Press Release for Saturday, September 1, 2012
MOCA Presents Radical, Overlooked Art of the 1980s
Contact: Carl Holman, Assistant Director
The Museum of Contemporary Art Jacksonville, a cultural resource of the University of North Florida, explores the art of Generations X and Y with "ReFocus: Art of the 1980s," opening Saturday, Sept. 15, and running until Sunday, Jan. 6, 2013.
"ReFocus: Art of the 1980s" showcases the art you might have missed while you were, as Madonna sang, busy living in a material world. Many of the major figures of contemporary art —David Salle, Jean Michel-Basquiat, Keith Haring, and Eric Fischl—came to prominence during this important decade and their influences still reverberate today. While observers hailed the movements of the '80s as a "return to painting," what matters equally about the art of this era is the artists' conscious and explicit role as celebrities and the manner in which the limelight allowed them to act as interpreters, mediators, and trendsetters of cultural, social and political developments. Other established artists highlighted in the exhibition, such as Andy Warhol, Frank Stella, David Hockney and James Rosenquist, either experienced career resurgences or remained influential on the younger generation of artists during the '80s.
"For many of the artists in this exhibition, it meant grappling with complex questions: In a world increasingly filled with mass-media images, what is the role of the visual arts? How can artists make images that either compete with or counter the powerful images produced by advertising and Hollywood?" said MOCA Director Marcelle Polednik.
Abstract, figurative and expressionistic painting within the visual arts made a major comeback in the 1980s following nearly a decade of emphasis on video, performance, earthwork and installations that eschewed the traditional gallery or museum settings. Neo-Expressionism, new image painting, the East village scene, graffiti art and neo-conceptualism were a few of the movements that reached zeniths of varying heights and vulnerability during the era.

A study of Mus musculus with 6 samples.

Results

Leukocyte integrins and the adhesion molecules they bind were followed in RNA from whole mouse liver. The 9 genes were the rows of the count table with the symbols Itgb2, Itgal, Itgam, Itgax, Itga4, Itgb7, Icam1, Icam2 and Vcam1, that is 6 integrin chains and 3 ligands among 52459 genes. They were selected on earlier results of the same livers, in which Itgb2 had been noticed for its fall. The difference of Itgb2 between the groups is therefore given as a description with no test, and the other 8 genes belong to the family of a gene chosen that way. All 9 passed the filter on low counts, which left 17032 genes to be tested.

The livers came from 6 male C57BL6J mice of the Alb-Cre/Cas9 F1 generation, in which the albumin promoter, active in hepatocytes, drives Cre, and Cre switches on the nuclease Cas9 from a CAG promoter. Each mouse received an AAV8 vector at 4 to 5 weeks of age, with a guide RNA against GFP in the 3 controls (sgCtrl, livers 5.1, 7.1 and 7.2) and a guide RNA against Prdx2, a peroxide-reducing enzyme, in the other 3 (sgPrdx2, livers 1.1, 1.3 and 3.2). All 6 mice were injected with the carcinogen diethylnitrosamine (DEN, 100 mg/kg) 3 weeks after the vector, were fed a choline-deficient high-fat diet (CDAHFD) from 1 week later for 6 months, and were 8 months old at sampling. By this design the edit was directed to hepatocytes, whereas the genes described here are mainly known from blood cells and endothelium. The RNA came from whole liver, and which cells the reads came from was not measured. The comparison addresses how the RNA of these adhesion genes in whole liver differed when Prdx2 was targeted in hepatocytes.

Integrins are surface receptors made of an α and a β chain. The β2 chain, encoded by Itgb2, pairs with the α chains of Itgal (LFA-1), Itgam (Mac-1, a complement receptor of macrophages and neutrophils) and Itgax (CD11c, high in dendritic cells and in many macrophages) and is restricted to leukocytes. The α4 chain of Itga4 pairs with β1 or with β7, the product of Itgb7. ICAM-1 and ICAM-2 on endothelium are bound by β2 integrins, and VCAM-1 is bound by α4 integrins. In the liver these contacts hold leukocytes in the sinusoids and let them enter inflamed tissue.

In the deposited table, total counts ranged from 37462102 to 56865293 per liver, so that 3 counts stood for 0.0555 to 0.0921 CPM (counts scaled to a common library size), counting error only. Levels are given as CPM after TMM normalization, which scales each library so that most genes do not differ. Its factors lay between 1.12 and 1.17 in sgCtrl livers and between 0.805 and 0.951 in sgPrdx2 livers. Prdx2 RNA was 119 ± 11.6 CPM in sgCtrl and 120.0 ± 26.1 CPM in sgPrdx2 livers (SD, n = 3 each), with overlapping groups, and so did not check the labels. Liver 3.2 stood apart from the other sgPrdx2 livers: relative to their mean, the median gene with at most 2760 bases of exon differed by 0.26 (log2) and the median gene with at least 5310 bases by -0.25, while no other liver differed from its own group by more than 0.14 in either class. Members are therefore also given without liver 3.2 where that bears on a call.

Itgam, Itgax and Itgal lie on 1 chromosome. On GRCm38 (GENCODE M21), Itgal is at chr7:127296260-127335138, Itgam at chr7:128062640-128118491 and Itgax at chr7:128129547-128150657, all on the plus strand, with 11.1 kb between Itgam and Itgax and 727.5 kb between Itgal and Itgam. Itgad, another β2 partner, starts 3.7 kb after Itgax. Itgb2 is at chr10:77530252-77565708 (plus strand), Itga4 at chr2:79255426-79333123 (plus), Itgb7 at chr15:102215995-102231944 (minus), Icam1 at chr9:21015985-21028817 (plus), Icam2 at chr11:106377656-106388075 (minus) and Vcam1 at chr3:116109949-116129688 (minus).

"MOCA will be showcasing the important art and artists of the decade - the amazing works created by not only those artists who became household names, but also the influential ones who the public or media might have overlooked," Polednik said.
The exhibition launches with an '80s-themed grand opening from 11 a.m. to 5 p.m., Saturday, Sept. 15, to help visitors get in the totally radical spirit of the decade. Fun, games and music outside bring the museum alive, while inside MOCA's staff, docents and others will supervise "explanation stations" to provide families with in-depth analysis about key works and movements of the period. Café Nola also will be open for extended lunch.
"ReFocus: Art of the 1980s" also includes substantial public programs that further the educational goals of the project. From lectures about art, history and culture to in-gallery tours; from free brochures to on-line content and audio guides, visitors to MOCA will have numerous opportunities to explore this significant period in greater depth and richness.
MOCA is expanding the exhibition experience beyond the art through a special partnership with the Jacksonville Public Library. From books by Tom Wolfe to music by U2, plus films and other materials, the art, artists and culture from each decade come to life. Check out the pop culture universe database, special monthly programming, a selection of books, music and movies by decade and more at www.jaxpubliclibrary.org/moca.
Maria Cox, Julie and Michael McKenny, Dr. Barbara Sharp and Dr. Todd Sack
Agility Press; Brunet-Garcia Advertising, Cultural Council of Greater Jacksonville; the City of Jacksonville; Florida Division of Cultural Affairs; PRI Productions, Inc.; Sunshine Frames, Inc.; Waterproofing Specialists , Inc.; and WJCT Public Broadcasting.
For more information about "ReFocus: Art of the 1980s" and its related activities, visit www.mocajacksonville.unf.edu or call MOCA at (904) 366-6911.